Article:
When he’s not setting stages alight shredding with DragonForce, Herman Li is often in his home studio, streaming live on Twitch with a handful of special guests or posting entertaining videos to his YouTube channel.
Such is his following – the DragonForce YouTube (opens in new tab) channel that hosts his videos has over one million subscribers – it’s safe to say that Li is not just one of today’s foremost shredders, he is also a content creator.
Li isn’t the only guitarist in recent years to diversify his activities and branch out into the realm of social media to attract larger audiences. Many of today’s contemporary guitar stars have thousands of followers across their social channels – audiences who they cater to via short snippets of six-string brilliance and other entertaining content.
Ichika Nito, Seiji Igusa and Matt Heafy immediately spring to mind, as do guitarists such as Mary Spender, Paul Davids and Tyler Larson, all of whom have fully dedicated YouTube channels.
For better or worse, the career of being a guitarist is becoming interlinked with the art of content creation, and it’s a business that Herman Li thinks more rock musicians should be getting into now more than ever.
Speaking to Metal Injection as part of a Content Creator Round Table, Li explained that having a larger follower count gives guitarists a secondary source of income, and can be used as a bargaining tool when it comes to dealing with industry heads.
“If you are writing music and you get your content creator stuff going, you have so much power to negotiate your record deal,” he said. “You're just laughing at them.”
Li said that, if you amass a large enough following online, you hold all the aces in negotiations.
“Why do you think I've got a million subscribers on YouTube?” Li continued. “So I can go to the next record deal and say, ‘What have you got for me? Oh, you have your YouTube channel? I got that too. I don't care. How much money are you giving me? What's the deal, what's the percentage?’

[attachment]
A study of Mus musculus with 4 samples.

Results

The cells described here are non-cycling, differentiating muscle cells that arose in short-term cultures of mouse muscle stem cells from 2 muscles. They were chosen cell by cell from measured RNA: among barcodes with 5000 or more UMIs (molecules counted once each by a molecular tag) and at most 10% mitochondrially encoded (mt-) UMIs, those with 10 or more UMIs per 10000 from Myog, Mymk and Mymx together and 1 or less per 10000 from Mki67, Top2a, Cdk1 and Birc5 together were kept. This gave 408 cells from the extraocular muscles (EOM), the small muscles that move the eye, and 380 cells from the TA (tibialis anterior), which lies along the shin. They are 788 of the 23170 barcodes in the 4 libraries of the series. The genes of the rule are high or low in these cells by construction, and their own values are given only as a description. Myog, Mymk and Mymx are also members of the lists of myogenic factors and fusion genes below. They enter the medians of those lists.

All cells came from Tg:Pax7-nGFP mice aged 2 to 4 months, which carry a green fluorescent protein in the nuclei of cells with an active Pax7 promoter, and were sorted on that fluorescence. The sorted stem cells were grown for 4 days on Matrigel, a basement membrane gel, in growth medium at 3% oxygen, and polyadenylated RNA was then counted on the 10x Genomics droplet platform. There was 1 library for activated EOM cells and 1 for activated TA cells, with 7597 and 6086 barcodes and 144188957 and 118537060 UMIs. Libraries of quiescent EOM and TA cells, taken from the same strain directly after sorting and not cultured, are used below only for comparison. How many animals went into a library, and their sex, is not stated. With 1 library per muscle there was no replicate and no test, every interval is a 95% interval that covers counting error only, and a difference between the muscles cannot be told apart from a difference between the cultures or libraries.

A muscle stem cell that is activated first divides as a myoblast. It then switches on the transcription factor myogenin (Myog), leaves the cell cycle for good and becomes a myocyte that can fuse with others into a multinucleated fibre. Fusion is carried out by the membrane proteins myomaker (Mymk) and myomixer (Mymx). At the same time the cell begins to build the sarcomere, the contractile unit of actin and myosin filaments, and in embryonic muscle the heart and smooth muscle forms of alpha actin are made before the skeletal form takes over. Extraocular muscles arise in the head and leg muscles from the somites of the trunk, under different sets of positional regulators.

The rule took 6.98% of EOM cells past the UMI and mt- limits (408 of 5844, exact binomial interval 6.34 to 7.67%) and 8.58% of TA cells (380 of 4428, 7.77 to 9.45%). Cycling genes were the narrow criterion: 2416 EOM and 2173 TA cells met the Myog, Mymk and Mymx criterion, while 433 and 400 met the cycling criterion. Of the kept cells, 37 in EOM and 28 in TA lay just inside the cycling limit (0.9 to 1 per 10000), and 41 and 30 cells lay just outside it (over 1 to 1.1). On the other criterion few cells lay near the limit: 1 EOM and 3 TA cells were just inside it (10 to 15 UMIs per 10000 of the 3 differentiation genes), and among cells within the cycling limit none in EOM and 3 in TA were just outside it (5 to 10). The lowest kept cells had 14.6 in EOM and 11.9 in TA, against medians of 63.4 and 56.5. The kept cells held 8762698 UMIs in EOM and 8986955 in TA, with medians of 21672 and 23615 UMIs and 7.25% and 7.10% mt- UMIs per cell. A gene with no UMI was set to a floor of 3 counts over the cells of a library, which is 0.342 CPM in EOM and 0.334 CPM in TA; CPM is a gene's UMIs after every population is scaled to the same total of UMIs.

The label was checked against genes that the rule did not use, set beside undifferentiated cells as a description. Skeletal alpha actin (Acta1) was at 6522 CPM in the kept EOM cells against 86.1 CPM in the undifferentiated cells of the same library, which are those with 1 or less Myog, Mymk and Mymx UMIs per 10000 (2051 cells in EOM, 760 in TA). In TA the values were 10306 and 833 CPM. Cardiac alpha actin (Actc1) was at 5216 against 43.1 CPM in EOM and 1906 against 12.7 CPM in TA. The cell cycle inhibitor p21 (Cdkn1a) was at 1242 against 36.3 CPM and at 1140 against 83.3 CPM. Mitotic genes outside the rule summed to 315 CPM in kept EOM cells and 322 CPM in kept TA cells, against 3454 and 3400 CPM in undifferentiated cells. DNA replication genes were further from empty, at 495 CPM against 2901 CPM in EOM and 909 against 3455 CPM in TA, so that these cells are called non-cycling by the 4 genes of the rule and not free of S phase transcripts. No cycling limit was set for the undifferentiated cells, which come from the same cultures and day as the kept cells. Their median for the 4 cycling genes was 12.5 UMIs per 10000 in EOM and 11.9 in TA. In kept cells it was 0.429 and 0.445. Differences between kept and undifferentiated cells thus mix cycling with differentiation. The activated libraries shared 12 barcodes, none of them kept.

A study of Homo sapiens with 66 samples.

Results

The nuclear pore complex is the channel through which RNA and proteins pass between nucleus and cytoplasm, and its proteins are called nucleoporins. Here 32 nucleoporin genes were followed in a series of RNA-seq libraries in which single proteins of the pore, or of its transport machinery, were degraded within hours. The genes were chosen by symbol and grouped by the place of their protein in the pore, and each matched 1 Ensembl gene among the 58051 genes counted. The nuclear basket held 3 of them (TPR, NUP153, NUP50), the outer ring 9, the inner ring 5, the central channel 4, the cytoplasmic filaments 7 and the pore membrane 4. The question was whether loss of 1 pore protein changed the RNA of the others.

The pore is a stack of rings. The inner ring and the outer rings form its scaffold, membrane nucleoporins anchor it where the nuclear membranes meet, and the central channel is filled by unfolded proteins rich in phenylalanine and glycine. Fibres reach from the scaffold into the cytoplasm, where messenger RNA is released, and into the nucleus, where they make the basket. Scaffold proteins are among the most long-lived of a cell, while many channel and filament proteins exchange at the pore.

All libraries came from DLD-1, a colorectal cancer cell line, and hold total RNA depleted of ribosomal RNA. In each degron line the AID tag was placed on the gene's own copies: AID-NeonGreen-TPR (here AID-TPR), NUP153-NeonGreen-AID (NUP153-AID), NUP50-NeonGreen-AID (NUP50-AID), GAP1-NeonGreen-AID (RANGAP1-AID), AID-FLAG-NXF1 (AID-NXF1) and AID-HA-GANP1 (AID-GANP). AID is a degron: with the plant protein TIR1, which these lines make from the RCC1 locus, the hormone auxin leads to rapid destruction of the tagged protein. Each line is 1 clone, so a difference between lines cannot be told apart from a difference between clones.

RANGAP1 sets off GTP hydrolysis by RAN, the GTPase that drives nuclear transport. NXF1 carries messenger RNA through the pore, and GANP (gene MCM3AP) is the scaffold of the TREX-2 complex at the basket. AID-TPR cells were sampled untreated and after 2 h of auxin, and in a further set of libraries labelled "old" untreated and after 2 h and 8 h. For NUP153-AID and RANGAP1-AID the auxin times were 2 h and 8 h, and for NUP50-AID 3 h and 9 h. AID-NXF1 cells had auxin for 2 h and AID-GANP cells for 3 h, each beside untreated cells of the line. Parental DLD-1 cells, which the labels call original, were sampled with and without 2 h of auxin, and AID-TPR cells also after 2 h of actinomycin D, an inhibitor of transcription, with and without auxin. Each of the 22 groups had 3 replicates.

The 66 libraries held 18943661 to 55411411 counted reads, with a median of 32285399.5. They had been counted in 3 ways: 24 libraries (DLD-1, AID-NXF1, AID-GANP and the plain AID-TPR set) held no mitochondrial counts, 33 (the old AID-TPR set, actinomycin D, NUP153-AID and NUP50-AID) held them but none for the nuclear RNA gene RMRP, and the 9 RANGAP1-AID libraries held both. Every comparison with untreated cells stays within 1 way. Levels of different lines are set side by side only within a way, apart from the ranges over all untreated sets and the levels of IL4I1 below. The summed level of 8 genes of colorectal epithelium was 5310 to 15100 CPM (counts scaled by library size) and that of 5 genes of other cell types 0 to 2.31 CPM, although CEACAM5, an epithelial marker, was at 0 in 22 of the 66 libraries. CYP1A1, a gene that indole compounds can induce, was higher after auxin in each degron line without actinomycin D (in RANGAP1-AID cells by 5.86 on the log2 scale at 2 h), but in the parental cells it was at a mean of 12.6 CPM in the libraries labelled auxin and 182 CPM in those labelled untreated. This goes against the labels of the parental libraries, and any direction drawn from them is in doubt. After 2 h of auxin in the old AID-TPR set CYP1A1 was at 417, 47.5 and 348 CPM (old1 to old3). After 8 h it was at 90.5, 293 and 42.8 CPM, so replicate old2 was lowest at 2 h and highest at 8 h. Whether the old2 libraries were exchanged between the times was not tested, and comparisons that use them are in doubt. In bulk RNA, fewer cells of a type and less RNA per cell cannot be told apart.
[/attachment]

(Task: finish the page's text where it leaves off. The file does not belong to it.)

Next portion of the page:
“There's an upside to that, how you can switch it around and make it less, like, 'Why do I have to do [content]?’
“A lot of the [endorsements from companies] and brands have moved from artist endorsements to artist influencer departments now. Being able to write great songs and being a big band is just not enough for you to even get free gear sometimes now. And guess what? If you're a content creator you get free gear and you get money on top. So win-win there.”
Li went on to say that, while money is an important factor in such discussions, having such security from commercial deals ultimately gives you more creative freedom. It is a stark commentary on the current state of the music industry.
“Having that security lets you control your art,” he concluded. “Understanding the business, understanding that part [of things lets you] control your music and your art. Or else someone else is going to come in and do it for you, and they always know better than you, because their percentage is really what they care about the most.”
Li's comments make sense, since the changing nature of the music industry and the growing importance of content creation for income has been known for some time. In June last year, Heafy revealed that he earns more money from his Twitch than he does from Trivium's digital streaming revenue.